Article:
A road map to healthcare reform

If we heed lessons of the past, we can achieve universal coverage.

The economic stimulus package just passed by the House contains much to jump-start our economy in the next few years. And congressional moves to expand Medicare eligibility and healthcare for children (through SCHIP) are commendable. But these steps still leave largely unaddressed the most fundamental long-term threat to economic security that President Barack Obama vowed to tackle during the campaign: our crumbling framework of medical financing.

Now is the time to fix it. The window of opportunity for comprehensive action is open wider than at any time for decades. But without quick action, it will close, and America's businesses, workers, and families will continue to suffer at the hands of a healthcare nonsystem that costs far too much, leaves far too many at economic risk, and does far too little to improve our nation's health.

The task is monumental, but it is not insurmountable. In fact, our current economic crisis makes it not just more pressing, but also more possible. The task is more pressing because the problems in job-based health benefits will only grow worse as the recession deepens: Businesses will continue to drop coverage and shift costs onto workers, and more and more Americans will lose their homes and their life savings because they lack insurance or their insurance doesn't shield them against runaway health costs.

Reform is more possible because the hastened erosion of our system is galvanizing Americans and their leaders, and also because we must spend aggressively now to keep our economy afloat, reducing the roadblocks to the up-front investments needed to get to universal insurance. But the long history of past defeats should remind us that successful reform is never assured. A clear road map is needed to navigate the perilous political and policy terrain ahead, and it should contain four big signposts:

1. Use the budget. There is but one high-speed train that leaves the Capitol Hill station each year: the budget. The budget cannot be filibustered by an obstructionist Senate minority of 41. It is how George W. Bush obtained his massive tax cuts for the rich in 2001 and 2003. And it is how the foundation for reform must be laid in 2009. Not everything can be done in the budget, of course, but the key features of reform – new subsidies to help lower- and middle-income Americans obtain coverage, and changes in existing tax policies and health programs – can and should.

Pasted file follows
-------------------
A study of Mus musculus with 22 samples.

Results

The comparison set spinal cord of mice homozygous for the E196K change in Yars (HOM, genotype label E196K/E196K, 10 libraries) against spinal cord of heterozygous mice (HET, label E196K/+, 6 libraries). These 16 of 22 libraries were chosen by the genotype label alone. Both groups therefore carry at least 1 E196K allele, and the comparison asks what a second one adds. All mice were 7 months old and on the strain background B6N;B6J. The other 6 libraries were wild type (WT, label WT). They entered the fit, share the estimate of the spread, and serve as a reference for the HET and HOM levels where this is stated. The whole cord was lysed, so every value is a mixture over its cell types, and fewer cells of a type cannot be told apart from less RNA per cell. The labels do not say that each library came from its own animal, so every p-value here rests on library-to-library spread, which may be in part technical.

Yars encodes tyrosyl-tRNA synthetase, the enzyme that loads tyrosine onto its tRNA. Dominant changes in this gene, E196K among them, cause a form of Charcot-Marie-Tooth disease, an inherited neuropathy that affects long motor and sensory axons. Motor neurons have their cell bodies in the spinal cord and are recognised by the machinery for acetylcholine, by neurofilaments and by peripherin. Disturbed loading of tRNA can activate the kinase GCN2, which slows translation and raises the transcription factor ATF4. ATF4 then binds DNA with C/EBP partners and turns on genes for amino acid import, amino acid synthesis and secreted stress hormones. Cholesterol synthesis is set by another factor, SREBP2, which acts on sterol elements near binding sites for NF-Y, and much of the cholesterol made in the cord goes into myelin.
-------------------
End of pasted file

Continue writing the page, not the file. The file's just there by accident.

2. Move it or lose it. The history of major presidential initiatives shows that Obama cannot afford to wait until 2010, as some suggest, to achieve healthcare reform. To take advantage of his "honeymoon"-heightened influence and the public desire for change that emerged during the campaign, he should undertake the heavy lifting this year – the sooner, the better. President Clinton delayed releasing health legislation until late 1993, almost a year after entering office. His plan went down in flames for many reasons, but it didn't help that members of Congress had stopped worrying about the 1991 recession and started worrying about the 1994 midterm elections.

3. Make Congress own it. Mr. Clinton's other big political mistake was to craft his 1,342-page bill within the White House and executive agencies, rather than move quickly to spearhead congressional action. That left members of Congress free to grandstand and stall, and made Clinton's plan a huge bulls-eye for his conservative critics. Mr. Obama should not make the same mistake. He should supply the vision; Democrats in Congress should write the legislation.

4. Keep it simple. Finally, that vision should be simple and unthreatening. Clinton's plan had too many moving parts and too many red flags: regional purchasing cooperatives spread across the country, efforts to encourage people to enroll in tightly managed HMOs, caps on private premiums if they grew too fast. Obama resisted this temptation during the campaign, and he should resist it now.

The reforms that Obama called for during the campaign had three key elements: (1) lowering the cost of health insurance for workers who have it, so employers continue to provide good job-based benefits, (2) creating a new national insurance pool that allows those without such benefits to buy coverage as good as that received by members of Congress, and (3) the creation of a new public plan modeled after Medicare that would be offered within this pool to provide a secure guarantee of coverage for those who now lack it and to drive down costs while improving quality. Those are still the right elements, and Obama should push for them quickly.

The great unanswered question is whether a public disillusioned about politics can be brought to kindle some faith in their leaders and their government. Nearly two-thirds of Americans say they believe in government action to universalize health insurance, even if it means an increase in taxes. And most (85 percent in a Pew Research Center poll last month) say they want reform to be a "top" or "important" priority. Similar sentiments helped bring healthcare to the top of the agenda in the early 1990s, and reformers are on the verge of having their moment in the sun again. If they heed the lessons of the past, they have a real opportunity to finally seize the moment.

Jacob S. Hacker is codirector of the Center for Health, Economic, and Family Security at the University of California, Berkeley, and a fellow at the New America Foundation. He recently edited "Health at Risk: America's Ailing Health System – and How to Heal It."